Living in the VUCA (Volatility, Uncertainty, Complexity and Ambiguity) world as rightly pointed out by Vikram Hosangady of KPMG, the COVID-19 pandemic has defied the business fraternity and fast forwarded tech adoptions at a neck-break pace. Amid the uncertainty and disruption, wealth managers are holding clients in good stead ensuring their capital find quality havens and addressing their concerns in this challenging scenario.
Mridu Bhandari from CNBC-TV18 engages with some of the country’s formidable names in the wealth management space to decipher the impact of the pandemic on wealth creation, wealth preservation strategies, and the trends to watch out for in the Asset Management business. The panellists comprised Samrat Khosla, MD and Head, Wealth Management, Standard Chartered Bank, India, Rajesh Saluja, CEO & MD, Ask Wealth Advisors, and Vikram Hosangady, Partner & Head, Clients and Markets, KPMG India.
Samrat Khosla opened the discussion on how Standard Chartered Bank is taking appropriate measures to counter wealth erosion by timely engagement with ultra HNIs in this fragile period of flux. The Bank has a dual care system which ensures an open communication channel between the customers and the wealth advisors, emphasis on a responsive and prompt advisory service to keep the clients informed and secured.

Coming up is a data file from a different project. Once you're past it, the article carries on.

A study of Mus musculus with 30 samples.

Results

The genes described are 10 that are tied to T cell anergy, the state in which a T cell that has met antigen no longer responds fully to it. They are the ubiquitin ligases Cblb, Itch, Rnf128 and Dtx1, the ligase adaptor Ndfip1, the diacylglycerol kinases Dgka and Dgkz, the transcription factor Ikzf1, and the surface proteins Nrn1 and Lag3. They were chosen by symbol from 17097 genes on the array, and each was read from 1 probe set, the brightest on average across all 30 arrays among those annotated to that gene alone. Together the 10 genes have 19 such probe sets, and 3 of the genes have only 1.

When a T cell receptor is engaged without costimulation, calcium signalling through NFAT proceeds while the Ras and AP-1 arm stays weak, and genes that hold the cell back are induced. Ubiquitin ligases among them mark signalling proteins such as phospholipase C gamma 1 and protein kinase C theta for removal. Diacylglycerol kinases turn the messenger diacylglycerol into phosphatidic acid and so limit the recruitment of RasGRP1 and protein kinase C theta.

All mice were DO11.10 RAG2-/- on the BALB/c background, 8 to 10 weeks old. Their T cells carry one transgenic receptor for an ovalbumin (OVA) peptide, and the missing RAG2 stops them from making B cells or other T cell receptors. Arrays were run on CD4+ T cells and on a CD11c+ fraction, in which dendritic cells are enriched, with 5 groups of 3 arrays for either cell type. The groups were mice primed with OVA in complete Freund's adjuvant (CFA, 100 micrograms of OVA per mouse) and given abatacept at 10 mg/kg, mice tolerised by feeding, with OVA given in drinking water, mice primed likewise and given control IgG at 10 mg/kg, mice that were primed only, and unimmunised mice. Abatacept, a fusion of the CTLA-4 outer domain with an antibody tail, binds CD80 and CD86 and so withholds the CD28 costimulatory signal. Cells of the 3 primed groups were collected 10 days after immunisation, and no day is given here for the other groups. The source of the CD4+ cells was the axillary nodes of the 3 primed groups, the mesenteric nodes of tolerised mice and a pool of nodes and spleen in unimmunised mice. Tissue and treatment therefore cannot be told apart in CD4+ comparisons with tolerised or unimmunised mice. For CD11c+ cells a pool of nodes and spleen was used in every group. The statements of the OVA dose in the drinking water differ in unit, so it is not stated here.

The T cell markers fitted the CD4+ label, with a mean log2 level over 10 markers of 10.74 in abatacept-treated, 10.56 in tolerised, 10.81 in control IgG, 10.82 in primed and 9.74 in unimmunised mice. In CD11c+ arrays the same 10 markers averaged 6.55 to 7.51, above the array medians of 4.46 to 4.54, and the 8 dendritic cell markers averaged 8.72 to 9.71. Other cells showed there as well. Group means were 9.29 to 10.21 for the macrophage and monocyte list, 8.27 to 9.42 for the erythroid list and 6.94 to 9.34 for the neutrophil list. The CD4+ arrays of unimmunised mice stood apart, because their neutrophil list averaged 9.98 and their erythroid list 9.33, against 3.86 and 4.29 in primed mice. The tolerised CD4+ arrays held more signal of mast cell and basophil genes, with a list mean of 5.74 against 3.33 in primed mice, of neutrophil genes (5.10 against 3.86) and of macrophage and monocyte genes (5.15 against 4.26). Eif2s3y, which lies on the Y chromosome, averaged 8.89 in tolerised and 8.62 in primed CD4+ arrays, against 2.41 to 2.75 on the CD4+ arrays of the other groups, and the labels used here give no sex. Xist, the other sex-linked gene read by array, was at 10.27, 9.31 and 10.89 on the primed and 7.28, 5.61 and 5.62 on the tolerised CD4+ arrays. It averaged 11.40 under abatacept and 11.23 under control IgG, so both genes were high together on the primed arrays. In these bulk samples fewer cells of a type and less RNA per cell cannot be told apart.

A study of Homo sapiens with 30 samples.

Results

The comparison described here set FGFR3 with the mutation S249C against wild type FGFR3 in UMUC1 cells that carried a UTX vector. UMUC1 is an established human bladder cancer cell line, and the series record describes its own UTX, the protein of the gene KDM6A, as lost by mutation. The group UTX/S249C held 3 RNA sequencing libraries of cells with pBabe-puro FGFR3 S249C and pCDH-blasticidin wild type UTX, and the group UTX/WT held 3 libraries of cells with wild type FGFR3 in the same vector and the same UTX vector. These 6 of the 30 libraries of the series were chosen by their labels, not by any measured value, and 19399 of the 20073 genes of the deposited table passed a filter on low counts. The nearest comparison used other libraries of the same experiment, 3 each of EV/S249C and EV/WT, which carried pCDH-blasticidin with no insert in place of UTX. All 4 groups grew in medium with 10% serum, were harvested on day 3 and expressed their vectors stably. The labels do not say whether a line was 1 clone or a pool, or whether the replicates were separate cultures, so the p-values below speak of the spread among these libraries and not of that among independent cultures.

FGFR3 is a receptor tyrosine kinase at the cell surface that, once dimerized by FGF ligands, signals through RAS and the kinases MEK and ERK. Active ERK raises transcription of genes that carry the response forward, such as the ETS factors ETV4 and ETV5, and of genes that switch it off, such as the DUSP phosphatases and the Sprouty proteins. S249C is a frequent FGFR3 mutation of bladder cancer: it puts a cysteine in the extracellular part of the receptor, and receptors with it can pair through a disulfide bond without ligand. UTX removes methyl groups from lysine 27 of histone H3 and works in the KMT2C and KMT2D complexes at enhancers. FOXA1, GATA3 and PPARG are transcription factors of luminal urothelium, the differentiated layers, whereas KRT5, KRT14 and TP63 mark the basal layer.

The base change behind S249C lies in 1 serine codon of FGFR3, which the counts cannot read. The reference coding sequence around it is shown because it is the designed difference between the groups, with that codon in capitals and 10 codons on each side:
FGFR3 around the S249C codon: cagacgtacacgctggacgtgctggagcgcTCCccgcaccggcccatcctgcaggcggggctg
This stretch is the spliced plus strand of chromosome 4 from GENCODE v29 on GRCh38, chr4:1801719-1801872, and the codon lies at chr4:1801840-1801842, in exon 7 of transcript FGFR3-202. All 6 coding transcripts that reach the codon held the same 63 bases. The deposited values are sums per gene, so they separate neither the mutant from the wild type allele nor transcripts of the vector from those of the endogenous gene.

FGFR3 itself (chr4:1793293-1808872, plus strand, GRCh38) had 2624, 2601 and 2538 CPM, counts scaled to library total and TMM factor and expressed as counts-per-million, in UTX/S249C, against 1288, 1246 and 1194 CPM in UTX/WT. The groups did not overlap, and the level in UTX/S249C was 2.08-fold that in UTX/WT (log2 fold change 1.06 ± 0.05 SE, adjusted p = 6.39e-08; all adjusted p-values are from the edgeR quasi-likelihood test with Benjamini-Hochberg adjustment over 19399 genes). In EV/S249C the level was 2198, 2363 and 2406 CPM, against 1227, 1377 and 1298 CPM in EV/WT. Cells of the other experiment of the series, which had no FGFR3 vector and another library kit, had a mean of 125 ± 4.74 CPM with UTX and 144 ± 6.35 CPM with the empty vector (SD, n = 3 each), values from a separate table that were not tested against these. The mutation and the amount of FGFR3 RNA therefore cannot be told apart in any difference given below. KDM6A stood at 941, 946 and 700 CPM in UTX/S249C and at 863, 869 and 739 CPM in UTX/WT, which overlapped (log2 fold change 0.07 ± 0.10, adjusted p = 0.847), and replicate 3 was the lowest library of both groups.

Rajesh Saluja emphasised on how the HNI community is coming off age, and is showing maturity and resilience in the face of the pandemic by staying invested, though there have been cases of fee reduction and movement of investments to the fixed income options. He further spoke about the Pandemic sparking an interest in investments in the US markets, investments in gold, and the HNI community taking a keen interest in technology through private equity. At the outset Rajesh firmly believes that COVID-19 has not impacted the long-term potential of the wealth management industry.
Talking about the evolving profile of the HNIs, Vikram Hosangady commented on how the current generation has a gregarious appetite to risk as compared to the patriarchs or matriarchs of the earlier generations. The new breed of HNIs is experimental in nature and are willing to consider a host of alternative investment opportunities. They are willing to put their bets on start-ups and are taking up direct investments in those showcasing a promising future. Samrat went on to highlight the conscientious behaviour of HNIs/ultra HNIs, apart from taking risks, how they are also purpose-driven and are displaying a growing affinity towards ESG (Environment, Social, Governance) portfolios.
All panellists agreed on the speed of technology adoption caused by the pandemic and how processes have been streamlined, paper-work barring the physical mandatories have been reduced, thus driving higher efficiencies. However, Rajesh Saluja cautions that unlike the West Indians prefer socializing and hence a hybrid model of human coupled with a digital approach will have to be deployed to service the ultra HNI community.
The panel concluded with each panellist reaffirming the mantras of watchful asset allocation, usage of technology appropriately to serve the customers, and ensuring quality investments.